What is Hanukkah?
Hanukkah, which is Hebrew for “dedication,” is the Festival of Lights.
The miracle of Hanukkah is that only one vial of oil was found with just enough oil to illuminate the Temple lamp for one day, and yet it lasted for eight full days.
How Do You Celebrate Hanukkah?
We celebrate Hanukkah at home by lighting the menorah (each night we light one additional candle to the number from the previous night), playing dreidel, and eating special foods unique to Hanukkah. Some people also sing Hanukkah songs or exchange gifts after lighting the menorah, which is also called a hanukkiah. Many people host and attend Hanukkah parties.
What Are Hanukkah Foods?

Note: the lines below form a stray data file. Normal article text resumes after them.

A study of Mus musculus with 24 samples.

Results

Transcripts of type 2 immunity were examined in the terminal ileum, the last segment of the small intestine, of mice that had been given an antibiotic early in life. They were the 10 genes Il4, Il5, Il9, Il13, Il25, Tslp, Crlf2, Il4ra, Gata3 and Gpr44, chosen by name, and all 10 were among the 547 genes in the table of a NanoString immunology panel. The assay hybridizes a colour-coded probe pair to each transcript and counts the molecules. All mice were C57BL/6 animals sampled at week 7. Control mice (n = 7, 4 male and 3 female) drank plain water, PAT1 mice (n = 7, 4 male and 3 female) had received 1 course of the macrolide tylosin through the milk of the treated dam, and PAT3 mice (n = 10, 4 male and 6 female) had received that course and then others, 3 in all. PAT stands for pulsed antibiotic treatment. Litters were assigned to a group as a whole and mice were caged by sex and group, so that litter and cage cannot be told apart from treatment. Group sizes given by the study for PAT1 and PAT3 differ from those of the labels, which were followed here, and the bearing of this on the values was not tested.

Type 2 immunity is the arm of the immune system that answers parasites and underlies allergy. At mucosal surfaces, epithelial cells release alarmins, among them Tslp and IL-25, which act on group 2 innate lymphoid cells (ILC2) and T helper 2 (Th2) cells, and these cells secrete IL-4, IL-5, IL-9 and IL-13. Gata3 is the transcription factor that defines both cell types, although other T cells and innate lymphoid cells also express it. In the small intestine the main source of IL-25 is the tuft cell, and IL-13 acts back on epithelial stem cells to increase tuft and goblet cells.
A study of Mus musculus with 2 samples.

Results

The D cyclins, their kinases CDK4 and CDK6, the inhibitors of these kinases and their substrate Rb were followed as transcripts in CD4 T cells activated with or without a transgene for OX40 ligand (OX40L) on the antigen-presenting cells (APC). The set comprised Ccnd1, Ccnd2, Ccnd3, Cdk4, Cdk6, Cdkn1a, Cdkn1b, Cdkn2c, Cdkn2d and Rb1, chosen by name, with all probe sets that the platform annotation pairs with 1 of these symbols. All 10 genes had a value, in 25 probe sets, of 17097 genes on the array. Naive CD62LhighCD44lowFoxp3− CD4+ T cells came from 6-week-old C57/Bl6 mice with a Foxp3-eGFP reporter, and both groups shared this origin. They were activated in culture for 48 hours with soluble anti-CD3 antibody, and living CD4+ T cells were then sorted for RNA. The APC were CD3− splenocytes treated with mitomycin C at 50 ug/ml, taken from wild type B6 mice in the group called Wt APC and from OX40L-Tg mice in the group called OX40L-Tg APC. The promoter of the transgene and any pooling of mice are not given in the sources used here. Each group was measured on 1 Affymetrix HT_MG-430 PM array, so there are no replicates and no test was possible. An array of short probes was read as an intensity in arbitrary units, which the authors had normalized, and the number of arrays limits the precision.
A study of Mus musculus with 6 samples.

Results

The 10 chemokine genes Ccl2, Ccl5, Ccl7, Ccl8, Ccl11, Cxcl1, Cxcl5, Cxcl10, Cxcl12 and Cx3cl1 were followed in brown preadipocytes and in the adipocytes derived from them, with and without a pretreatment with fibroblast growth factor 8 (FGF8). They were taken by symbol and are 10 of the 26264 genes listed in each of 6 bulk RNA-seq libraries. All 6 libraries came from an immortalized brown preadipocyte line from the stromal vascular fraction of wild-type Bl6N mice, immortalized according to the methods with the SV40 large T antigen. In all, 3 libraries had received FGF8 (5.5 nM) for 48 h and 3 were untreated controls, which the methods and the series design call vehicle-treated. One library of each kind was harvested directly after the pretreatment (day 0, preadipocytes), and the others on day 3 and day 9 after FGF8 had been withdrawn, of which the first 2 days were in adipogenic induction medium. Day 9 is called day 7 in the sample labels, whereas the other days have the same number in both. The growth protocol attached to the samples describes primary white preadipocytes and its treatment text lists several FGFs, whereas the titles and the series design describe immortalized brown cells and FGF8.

Many Hanukkah foods are deep-fried in oil, symbolizing the oil from the menorah used in the Temple. These include latkes, or potato pancakes, and jelly doughnuts. Other favorites include the Sephardic delicacy bimuelos and use, of course, applesauce as a latke topping. Chocolate gelt, a candy that gets its name from the Yiddish word for money, is another popular Hanukkah treat. .
Pronounced: KHAH-nuh-kah, also ha-new-KAH, an eight-day festival commemorating the Maccabees’ victory over the Greeks and subsequent rededication of the temple. Falls in the Hebrew month of Kislev, which usually corresponds with December.
Pronounced: muh-NOHR-uh, Origin: Hebrew, a lamp or candelabra, often used to refer to the Hanukkah menorah, or Hanukkiah.
Pronounced: seh-FAR-dik, Origin: Hebrew, describing Jews descending from the Jews of Spain.